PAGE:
AuthorGourcerol, B; Thurston, P C; Kontak, D J; Côté-Mantha, O
SourceGeological Association of Canada-Mineralogical Association of Canada, Joint Annual Meeting, Abstracts Volume vol. 37, 2014 p. 107-108
LinksOnline - En ligne
Alt SeriesEarth Sciences Sector, Contribution Series 20130596
MeetingGAC-MAC Joint annual meeting; Fredericton; CA; May 21-23, 2014
Mediaon-line; digital
File formatpdf
NTS56D/11; 56D/12; 56D/13; 56D/14; 56E/03; 56E/04; 56E/05; 56E/06; 66A/09; 66A/10; 66A/15; 66A/16; 66H/01; 66H/02; 66H/07; 66H/08
AreaTehek lake; Meadowbank
Lat/Long WENS -97.0000 -95.0000 65.5000 64.5000
Subjectseconomic geology; geochemistry; mineral deposits; mineral occurrences; gold; mineralization; iron formations; analytical methods; electron microscopy; mass spectrometer analysis; hydrothermal deposits; volcanic rocks; sedimentary rocks; metamorphic rocks; metamorphism; deformation; Churchill Province; Meadowbank Deposit; Rae Domain
ProgramTargeted Geoscience Initiative (TGI-4), Gold Ore Systems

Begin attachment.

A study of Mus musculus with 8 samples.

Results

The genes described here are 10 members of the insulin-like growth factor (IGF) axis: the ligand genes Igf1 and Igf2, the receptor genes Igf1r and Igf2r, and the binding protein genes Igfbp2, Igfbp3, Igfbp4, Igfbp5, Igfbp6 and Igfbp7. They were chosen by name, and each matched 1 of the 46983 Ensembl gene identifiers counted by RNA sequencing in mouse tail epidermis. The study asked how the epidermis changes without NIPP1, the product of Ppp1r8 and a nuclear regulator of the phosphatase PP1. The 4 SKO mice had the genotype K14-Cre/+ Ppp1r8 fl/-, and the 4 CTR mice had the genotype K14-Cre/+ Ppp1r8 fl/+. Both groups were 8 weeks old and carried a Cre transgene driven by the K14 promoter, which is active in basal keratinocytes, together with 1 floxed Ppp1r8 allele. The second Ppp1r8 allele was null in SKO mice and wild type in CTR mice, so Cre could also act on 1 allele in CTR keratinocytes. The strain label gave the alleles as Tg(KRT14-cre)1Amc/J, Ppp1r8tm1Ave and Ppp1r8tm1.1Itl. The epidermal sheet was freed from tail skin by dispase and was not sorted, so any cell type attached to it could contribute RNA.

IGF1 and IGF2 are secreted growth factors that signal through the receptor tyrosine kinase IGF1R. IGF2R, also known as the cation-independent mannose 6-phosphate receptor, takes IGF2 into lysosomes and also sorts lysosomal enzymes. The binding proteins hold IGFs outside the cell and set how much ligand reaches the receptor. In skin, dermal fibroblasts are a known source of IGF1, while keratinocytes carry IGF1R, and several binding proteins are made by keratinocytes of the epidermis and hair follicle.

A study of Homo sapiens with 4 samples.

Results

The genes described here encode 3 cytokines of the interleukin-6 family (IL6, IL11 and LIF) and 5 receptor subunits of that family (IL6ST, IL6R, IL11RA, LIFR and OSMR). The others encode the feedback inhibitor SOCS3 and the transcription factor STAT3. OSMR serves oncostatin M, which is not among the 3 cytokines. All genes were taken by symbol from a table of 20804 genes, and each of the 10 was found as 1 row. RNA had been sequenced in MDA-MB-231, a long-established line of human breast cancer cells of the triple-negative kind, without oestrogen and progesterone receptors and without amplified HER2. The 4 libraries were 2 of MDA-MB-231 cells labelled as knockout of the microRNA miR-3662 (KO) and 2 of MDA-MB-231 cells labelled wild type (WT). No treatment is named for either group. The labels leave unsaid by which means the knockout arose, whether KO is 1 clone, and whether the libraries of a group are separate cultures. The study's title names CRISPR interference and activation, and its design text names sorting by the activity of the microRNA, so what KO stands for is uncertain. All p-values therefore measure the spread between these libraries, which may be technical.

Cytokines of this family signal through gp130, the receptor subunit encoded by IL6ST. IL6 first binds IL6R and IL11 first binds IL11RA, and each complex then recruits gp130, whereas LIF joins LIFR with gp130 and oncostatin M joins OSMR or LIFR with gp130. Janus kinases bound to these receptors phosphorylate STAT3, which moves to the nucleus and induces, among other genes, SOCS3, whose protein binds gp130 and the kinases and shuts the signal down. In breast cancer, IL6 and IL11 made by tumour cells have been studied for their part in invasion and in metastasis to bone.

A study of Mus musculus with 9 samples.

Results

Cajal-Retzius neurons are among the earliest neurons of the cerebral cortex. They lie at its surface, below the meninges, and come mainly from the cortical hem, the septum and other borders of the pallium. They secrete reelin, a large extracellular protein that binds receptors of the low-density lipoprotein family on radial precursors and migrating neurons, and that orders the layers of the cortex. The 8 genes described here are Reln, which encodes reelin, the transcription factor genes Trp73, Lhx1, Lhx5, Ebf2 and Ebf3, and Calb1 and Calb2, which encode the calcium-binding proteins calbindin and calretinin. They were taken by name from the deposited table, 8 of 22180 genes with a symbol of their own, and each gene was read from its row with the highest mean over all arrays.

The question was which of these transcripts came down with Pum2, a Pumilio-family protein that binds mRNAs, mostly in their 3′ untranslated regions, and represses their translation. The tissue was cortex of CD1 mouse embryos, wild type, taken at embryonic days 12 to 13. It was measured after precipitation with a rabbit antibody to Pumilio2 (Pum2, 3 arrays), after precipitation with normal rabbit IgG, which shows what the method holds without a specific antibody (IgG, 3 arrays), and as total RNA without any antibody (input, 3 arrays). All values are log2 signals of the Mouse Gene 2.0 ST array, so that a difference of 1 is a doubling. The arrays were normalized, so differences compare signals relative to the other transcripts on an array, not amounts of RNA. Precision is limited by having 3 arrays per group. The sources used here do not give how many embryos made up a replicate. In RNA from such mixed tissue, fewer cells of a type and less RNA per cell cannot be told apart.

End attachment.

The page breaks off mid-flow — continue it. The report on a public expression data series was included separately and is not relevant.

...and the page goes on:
AbstractAmong mineral deposits in Archean cratons, gold mineralization is important with >20 000 metric tons of gold produced from greenstone belts in 2001. Of the Archean-early Paleoproterozoic gold deposits, several different types of mineralization are known including Algoma-type Banded Iron Formation (BIF) where gold is associated with localized sulfide-facies zones within the regionally extensive oxide-facies. It is commonly accepted that the shale-normalized chemical signature of REE+Y of chert bands in Algoma-type BIFs may reflect one of three processes which may be relevant to the nature and origin of the gold mineralization: (1) direct seawater precipitation, (2) contribution of hydrothermal fluids, and (3) replacement. An essential question in regards to the mineralization is, therefore, whether the gold mineralizing fluids have a preference for one geochemical type of iron formation versus another. In order to assess the relevance of these competing models, we report herein the results of a LA ICP-MS study of chert samples within different Algoma-type BIFs from the Meadowbank deposit (24.5 Mt proven/probable ore reserves grading 2.8 g/t (2011) hosed in the Neoarchean Woodburn Lake Group of the Rae Domain of the western Churchill Province, Canada. This study used 39 carefully selected and characterized (i.e., petrography and SEM-EDS imaging) chert samples from both the main deposit, the Central BIF, and four additional BIFs, the Far West, West, East and Grizzly zones, with data collected using line traverses across the chert bands. The geochemical data, indicate that an ambient seawater signature (characterized by enrichment in HREE relative to LREE, positive La, Gd and Y anomalies) dominates the samples with a lesser hydrothermal component (characterized by a positive Eu anomaly), but that the influence of both crustal contamination and overprinting hydrothermal fluids can also be detected. These initial results indicate that the methodology employed provides a reliable means to assess and interpret the chemical signature of BIFs hosting gold mineralization. In the present case the results for the Meadowbank deposit suggest that chert from mineralized BIF units do not record an unusual chemical signature that may be used as a vector for potential gold mineralization.